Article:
News in Brief: Israeli and Palestinian Leaders Agree to Direct Talks, and More …

Israeli and Palestinian Leaders Agree to Direct Talks

After a 20-month impasse, Israel and Palestine will resume direct peace talks. Secretary of State Hillary Clinton is expected to announce Friday that Israeli Prime Minister Benjamin Netanyahu and Palestinian leader Mahmud Abbas will meet in Washington in early September to begin negotiations. The leaders are expected to discuss the borders of a Palestinian state, security guarantees for Israel, the political status of Jerusalem, and other contentious issues, reported The New York Times. The last round of direct talks collapsed in December 2008 when, in response to rocket fire from Hamas, Israel launched a three-week offensive into Gaza.

Female Activists Sailing Aid Ship to Gaza

A group of women activists from Lebanon, the US and Europe are preparing to set sail for the Gaza Strip in an attempt to break Israel’s blockade there. The Mariam ship is expected to leave Lebanon Sunday night, carrying cancer medicine and followed by a second ship carrying medical equipment, reported Democracy Now!.

White House Ethics Czar Raises Questions Among Good Governance Groups

The Obama administration’s decision to appoint Bob Bauer as White House “czar” for ethics and transparency has elicited angry reactions from good governance groups and advocates of finance reform, reported The Washington Independent. Ellen Miller, executive director of the Sunlight Foundation, said Bauer has “always defended the ability of special interest to put money into campaigns.” Bauer, a Democratic lawyer, has advocated against campaign-finance reform and already holds the demanding, full-time position of White House counsel.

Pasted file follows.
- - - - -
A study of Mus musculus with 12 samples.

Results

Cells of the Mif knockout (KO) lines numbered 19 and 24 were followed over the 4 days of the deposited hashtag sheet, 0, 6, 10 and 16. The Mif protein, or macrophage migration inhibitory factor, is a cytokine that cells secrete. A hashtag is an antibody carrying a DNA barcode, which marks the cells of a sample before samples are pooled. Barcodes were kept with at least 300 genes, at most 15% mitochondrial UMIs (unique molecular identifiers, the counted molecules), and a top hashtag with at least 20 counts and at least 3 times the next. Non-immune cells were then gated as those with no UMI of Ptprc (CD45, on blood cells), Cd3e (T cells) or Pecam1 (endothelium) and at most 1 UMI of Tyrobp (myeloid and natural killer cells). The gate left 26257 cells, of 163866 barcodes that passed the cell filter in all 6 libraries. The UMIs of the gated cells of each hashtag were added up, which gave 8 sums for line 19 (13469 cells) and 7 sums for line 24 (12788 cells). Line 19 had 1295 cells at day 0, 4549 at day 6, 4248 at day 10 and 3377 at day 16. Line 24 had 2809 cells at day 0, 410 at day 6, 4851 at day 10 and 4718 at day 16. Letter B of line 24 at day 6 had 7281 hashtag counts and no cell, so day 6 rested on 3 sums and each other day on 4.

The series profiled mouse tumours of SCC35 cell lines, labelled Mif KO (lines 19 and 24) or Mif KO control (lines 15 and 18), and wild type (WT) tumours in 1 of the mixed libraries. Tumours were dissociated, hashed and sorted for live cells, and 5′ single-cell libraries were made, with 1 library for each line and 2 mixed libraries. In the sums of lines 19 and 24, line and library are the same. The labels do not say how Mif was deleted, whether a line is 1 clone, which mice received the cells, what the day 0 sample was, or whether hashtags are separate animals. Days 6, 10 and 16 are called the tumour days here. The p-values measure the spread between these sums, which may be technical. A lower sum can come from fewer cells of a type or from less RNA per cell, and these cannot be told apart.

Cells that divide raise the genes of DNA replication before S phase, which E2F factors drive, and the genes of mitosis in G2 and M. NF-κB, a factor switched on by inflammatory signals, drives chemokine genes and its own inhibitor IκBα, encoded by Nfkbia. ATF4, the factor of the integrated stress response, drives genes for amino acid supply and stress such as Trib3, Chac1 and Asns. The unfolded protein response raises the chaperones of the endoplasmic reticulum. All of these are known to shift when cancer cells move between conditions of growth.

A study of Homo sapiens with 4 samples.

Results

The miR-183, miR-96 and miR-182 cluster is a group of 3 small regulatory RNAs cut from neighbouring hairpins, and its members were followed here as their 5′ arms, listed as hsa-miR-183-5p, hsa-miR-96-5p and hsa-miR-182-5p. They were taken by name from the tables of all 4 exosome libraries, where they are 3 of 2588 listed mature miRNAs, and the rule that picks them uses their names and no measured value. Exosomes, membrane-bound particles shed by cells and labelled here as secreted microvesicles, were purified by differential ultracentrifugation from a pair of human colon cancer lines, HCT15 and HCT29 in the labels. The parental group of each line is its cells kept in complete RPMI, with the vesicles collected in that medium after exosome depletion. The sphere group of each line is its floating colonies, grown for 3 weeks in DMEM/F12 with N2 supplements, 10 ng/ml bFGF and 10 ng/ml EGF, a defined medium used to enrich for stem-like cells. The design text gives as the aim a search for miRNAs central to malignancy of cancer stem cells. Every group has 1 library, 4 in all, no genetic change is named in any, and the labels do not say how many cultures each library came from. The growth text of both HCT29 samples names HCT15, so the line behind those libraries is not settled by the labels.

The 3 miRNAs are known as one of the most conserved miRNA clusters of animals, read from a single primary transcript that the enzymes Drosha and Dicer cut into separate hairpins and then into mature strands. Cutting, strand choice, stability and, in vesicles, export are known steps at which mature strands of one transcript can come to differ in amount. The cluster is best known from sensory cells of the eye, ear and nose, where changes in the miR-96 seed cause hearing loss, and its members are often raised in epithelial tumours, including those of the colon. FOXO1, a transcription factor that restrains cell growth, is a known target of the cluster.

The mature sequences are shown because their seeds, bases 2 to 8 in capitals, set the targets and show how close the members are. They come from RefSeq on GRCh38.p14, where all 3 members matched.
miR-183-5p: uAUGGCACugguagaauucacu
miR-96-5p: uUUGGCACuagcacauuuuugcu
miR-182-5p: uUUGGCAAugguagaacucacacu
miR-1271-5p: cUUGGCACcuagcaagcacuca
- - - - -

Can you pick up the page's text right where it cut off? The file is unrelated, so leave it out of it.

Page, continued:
BP Settlement Likely to Shield Top Defendants; Scientists Confirm Oil Plume in Gulf

Individuals and businesses seeking a lump sum from BP’s oil spill compensation fund may be forced to waive their right to sue BP or any other major defendant involved in the spill to receive the money, internal documents from lawyers involved with the fund have shown. The documents are the first glimpse of who will receive a payout from the $20 billion fund, how and when, reported The New York Times. They also include details such as geographic proximity as a factor in determining compensation.

Democracy Now! reports new evidence that the Obama administration’s claim that most of the oil spilled by BP in the Gulf has disappeared may not be accurate. A team of researchers confirmed a vast underwater oil plume, which stretches 21 miles from the blown-out well. The amount of oil in the plume is unknown.

Striking Public Workers in South Africa Talk to Government

On behalf of more than one million South African civil servants, union representatives have begun talks with the government to discuss ending a work stoppage that risks damaging Africa’s largest economy. Strikers are calling for a wage raise of 8.6 percent and a rise in housing allowances, which would increase state spending by about 1 to 2 percent. The strike quickly turned violent, with police firing rubber bullets at protesters blocking roads, reported Reuters.